From its second place in the South Shields by-election to the swathe it cut through the county councils of England, the UK Independence Party can justifiably claim to be living its finest hour.
Nigel Farage says his party is now a force in the land. For how long, and with what impact, however, are questions that as yet have no answer.
The rapid rise of Ukip can be explained, in part, by the way it has supplanted the Liberal Democrats and the Greens as a repository for the protest vote – the Liberal Democrats suffering the penalty for being in government. It owes much, too, to Mr Farage’s sunny personality. To reduce its appeal to a combination of popular disenchantment with the Coalition and Labour’s failure to impress, however, would be to oversimplify.
The time to dismiss Mr Farage and his party as “clowns” and “loonies” is past. They have tapped into two big, and not unconnected, sources of popular dissatisfaction: the European Union and immigration. The lifting of restrictions on the right of Bulgarians and Romanians to work in the UK, from the start of next year, adds a topical frisson. With the Conservatives and Labour tiptoeing around both issues, and neither party bold enough – or frightened enough – to take the argument to Ukip, Mr Farage had a relatively smooth campaign so far as the politics went. It was with some of its minor personalities where he ran into trouble, but the party still captured seats far beyond its presumed heartland in the southern shires.
Ukip’s success sets its own challenges: how far, if at all, will it be able to turn itself into a proper party from the one-man band that it currently is, and how well will its new councillors acquit themselves? If the far-right BNP sets any kind of precedent for what happens when a narrowly focused party wins seats on local councils, it offers little comfort to Ukip. For all the alarm that surrounded the BNP’s first electoral victories, the BNP has just lost its last remaining council seat. Ukip councillors could face very similar problems translating their words into actions. In local politics, the party could well turn out to be a one-term wonder.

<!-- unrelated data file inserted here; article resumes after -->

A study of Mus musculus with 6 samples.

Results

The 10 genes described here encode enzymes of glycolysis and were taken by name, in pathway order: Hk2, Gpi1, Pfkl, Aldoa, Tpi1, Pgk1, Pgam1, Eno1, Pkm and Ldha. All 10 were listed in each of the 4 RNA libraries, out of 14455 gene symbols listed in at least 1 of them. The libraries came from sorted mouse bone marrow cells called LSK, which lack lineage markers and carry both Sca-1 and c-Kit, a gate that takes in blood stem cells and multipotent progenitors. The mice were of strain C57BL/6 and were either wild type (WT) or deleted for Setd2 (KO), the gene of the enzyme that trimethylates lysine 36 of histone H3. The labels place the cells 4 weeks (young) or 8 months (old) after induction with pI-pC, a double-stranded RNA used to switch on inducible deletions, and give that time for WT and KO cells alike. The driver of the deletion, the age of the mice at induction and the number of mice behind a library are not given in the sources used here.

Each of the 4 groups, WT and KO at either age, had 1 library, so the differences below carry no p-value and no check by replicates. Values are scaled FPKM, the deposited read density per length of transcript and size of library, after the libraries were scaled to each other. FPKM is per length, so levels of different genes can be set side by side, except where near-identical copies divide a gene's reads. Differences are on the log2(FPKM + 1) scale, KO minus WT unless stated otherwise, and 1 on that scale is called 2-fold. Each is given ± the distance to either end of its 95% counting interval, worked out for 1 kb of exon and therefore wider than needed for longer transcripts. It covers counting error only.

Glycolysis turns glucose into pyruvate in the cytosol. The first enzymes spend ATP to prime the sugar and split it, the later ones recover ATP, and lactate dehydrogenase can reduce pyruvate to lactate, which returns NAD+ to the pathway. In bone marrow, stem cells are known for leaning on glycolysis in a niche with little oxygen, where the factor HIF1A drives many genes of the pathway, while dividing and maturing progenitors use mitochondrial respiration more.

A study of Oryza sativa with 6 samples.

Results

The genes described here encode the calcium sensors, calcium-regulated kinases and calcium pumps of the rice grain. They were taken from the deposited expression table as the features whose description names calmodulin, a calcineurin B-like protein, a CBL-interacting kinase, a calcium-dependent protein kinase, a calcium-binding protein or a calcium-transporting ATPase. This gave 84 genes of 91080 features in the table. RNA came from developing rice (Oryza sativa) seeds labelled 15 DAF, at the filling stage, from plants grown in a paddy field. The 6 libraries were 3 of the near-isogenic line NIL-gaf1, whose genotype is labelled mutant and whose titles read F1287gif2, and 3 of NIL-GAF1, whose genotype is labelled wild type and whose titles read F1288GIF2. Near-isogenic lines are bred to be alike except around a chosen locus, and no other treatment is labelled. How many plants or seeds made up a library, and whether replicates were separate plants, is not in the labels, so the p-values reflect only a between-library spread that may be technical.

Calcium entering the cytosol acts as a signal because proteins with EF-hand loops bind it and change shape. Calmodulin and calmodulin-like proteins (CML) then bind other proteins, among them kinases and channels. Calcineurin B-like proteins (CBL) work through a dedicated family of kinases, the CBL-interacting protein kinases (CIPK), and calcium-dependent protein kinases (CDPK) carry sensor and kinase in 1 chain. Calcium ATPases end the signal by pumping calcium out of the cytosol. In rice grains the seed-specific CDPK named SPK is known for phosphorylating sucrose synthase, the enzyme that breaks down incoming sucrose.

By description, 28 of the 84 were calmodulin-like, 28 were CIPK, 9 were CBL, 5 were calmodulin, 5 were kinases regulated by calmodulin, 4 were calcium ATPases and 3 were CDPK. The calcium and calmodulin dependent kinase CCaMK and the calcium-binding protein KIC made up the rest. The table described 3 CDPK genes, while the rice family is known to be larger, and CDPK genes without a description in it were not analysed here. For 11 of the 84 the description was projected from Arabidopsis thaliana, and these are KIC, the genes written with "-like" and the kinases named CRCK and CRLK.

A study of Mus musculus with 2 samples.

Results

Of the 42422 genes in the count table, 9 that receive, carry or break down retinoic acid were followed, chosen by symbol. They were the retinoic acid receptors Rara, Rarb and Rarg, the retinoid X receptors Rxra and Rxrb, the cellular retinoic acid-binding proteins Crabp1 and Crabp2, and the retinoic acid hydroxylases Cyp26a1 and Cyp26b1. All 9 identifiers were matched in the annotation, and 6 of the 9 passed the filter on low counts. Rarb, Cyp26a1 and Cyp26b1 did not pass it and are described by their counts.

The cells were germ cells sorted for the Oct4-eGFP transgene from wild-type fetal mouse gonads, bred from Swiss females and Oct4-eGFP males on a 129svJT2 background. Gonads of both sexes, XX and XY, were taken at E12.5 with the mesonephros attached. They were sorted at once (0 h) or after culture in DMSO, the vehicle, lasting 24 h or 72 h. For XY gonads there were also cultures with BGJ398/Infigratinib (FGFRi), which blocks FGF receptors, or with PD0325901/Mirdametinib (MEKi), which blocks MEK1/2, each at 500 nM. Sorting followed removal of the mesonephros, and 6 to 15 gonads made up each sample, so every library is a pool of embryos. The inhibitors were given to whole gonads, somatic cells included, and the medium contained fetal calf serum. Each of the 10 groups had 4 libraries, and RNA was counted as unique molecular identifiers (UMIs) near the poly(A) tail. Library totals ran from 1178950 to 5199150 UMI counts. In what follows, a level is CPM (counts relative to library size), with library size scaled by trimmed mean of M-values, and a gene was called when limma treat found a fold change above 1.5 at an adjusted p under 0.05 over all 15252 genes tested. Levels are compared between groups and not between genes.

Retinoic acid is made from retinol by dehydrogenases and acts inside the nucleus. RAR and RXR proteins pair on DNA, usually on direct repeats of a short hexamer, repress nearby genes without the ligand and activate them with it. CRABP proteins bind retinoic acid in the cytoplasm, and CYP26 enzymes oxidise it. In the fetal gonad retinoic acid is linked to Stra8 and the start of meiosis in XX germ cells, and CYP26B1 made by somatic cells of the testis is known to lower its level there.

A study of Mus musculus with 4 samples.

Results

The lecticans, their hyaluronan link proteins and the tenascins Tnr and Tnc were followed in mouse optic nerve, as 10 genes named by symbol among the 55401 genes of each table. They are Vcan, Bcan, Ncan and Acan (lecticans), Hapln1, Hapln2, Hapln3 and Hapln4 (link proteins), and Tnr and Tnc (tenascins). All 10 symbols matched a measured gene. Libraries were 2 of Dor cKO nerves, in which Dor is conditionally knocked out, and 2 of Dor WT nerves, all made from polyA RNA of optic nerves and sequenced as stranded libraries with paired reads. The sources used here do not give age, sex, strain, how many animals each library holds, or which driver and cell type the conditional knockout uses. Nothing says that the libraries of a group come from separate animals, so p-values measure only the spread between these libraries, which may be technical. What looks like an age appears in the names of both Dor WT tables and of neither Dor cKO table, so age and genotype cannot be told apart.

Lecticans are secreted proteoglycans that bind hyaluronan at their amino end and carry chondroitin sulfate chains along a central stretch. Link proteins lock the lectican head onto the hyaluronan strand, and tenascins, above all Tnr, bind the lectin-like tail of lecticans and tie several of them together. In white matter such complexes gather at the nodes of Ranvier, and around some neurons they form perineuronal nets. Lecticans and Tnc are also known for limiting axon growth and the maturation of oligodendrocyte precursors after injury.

With the general election now only two years away, however, this is not a scenario that is of much use to the mainstream parties. The chief losers in Thursday’s elections – though not by quite as much as projected – were the Conservatives, not least because they had been the big winners in the equivalent elections four years before. The Prime Minister’s more hawkish noises on immigration and his promise of an “in/out” referendum on EU membership, conditional on the Conservatives winning in 2015, were clearly not enough to convince disillusioned Tories. So he has now to choose whether to tack further to the right – to try to recover ground from Ukip – or to stick with something like the present course for fear of losing the crucial centre ground.
At least, it might be said, David Cameron has a choice. While Labour made net gains in these elections, it did not benefit as much as it had hoped from the Conservative defections to Ukip. This was partly because Ukip’s anti-EU, anti-migrant stance seems to have attracted some Labour voters, too. Still more worrying for Ed Miliband, however, should be the party’s continuing failure to make any real electoral breakthrough since he took over.
At a time when the Government is beleaguered and divided on many issues, when economic growth is proving stubbornly elusive, and the argument – nationally and internationally – on austerity seems to be shifting, Labour ought to be making serious inroads into the Tory vote. That the running is being made instead by Ukip leaves Mr Miliband facing the question: if not now, when?